Today, the CFPB released a “back to basics” announcement for homebuyers. This message seeks to put the Ability-to-Repay and Qualified Mortgage Rule into better context for consumers in advance of its January 10th start date. The Bureau describes this rule as a common sense policy that responsible lenders have already been following for decades, which will now be law.
The blog post itself was accompanied by a ‘fact vs. fiction’ document meant to “help dispel some of the most common misconceptions about what this new rule actually means for consumers." In an attempt to assuage market fears, CFPB is addressing what they are describing as false concerns.
A few examples include the following myths:
Myth: Banks aren’t going to make any loans that are not Qualified Mortgages.
Truth: Roughly 92 percent of mortgages in the current marketplace meet the Qualified Mortgage requirements and some of the nation’s largest banks have already said they plan on making loans that fall outside of the Qualified Mortgage guidelines.
Myth: Excessive documentation requirements are going to make it nearly impossible for anyone who’s self-employed to qualify for a mortgage.
Truth: Looking at this kind of documentation is something that responsible mortgage lenders have always done, and the new rule makes sure that every lender follows prudent underwriting practices.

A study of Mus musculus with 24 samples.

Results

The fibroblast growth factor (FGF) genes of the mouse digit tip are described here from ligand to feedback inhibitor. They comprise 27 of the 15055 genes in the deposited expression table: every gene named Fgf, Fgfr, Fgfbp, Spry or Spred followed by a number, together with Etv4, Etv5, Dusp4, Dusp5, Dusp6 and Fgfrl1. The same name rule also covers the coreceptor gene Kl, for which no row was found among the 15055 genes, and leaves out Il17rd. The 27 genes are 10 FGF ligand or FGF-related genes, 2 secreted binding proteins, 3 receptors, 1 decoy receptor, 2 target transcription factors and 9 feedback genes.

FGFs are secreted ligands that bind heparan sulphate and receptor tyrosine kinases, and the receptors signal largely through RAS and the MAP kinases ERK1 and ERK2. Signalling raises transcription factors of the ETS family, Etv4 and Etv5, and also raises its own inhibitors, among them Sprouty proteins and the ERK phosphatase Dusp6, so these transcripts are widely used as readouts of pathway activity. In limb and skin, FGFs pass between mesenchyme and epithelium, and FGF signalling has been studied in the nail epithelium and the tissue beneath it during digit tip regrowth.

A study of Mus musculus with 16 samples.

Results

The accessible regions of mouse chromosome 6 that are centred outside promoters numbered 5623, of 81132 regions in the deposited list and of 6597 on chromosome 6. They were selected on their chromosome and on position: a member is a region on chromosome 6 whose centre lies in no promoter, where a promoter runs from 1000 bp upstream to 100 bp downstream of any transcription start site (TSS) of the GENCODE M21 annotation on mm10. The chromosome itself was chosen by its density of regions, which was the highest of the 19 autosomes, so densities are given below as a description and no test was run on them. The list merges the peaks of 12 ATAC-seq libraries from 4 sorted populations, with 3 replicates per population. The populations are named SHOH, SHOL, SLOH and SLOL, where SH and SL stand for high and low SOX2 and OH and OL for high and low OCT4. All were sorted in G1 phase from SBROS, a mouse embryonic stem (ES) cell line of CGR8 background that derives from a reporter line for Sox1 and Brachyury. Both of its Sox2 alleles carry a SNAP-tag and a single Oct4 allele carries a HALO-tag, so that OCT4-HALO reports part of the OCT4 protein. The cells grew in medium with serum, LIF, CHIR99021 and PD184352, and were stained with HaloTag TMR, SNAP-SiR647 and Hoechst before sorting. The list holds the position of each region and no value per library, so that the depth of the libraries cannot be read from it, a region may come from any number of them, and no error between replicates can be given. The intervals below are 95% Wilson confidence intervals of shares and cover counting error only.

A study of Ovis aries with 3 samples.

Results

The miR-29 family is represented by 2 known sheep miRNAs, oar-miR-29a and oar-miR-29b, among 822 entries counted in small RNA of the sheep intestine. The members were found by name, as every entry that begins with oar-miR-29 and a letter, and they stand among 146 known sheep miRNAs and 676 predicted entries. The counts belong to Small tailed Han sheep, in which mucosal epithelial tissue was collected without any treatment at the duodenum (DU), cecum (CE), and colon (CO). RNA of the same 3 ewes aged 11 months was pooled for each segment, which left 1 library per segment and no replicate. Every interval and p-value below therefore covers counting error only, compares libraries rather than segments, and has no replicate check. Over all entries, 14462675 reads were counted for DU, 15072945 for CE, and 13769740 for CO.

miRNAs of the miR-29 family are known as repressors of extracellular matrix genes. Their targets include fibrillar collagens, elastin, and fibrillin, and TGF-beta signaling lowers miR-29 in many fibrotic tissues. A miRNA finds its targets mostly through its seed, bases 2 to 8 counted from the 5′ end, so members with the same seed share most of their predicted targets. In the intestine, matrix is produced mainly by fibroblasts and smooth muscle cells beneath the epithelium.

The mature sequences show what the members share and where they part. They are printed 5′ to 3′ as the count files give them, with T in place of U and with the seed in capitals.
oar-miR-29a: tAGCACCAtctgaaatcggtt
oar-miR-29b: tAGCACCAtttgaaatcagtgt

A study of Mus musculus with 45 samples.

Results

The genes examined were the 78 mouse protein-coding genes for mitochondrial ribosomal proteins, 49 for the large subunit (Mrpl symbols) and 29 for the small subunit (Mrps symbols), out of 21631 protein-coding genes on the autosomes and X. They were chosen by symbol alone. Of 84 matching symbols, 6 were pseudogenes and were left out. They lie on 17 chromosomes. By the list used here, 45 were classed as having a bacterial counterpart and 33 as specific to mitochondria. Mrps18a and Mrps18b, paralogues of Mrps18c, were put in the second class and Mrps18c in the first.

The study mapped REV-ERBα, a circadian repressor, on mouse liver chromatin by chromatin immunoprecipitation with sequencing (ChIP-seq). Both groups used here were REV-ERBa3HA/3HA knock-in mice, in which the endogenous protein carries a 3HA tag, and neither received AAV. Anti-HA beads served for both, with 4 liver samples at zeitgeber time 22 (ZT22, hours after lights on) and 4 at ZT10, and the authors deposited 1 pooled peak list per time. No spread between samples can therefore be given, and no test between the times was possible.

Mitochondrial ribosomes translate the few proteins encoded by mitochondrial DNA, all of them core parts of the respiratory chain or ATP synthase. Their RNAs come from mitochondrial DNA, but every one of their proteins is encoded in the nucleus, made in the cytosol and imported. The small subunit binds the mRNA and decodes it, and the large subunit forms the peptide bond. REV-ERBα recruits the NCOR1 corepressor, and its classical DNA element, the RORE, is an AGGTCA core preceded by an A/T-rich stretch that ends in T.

Myth: The new rule requires 20 percent or 30 percent down payments for new mortgages, which will price many borrowers out of the market.
Truth: The Ability-to-Repay Rule and Qualified Mortgage guidelines do not establish a minimum down payment.
Myth: Lenders haven’t had enough time to update their systems and get ready for the new rules. The CFPB has amended the rules repeatedly, making it impossible for lenders to adapt in time.
Truth: The Ability-to-Repay Rule was finalized in January 2013, a full year before it was scheduled to take effect. The CFPB has issued various amendments to ensure the effectiveness of the rules by making it easier for lenders to comply.
The full document can be found here and your perception of this new rule is always welcome in the comments section below.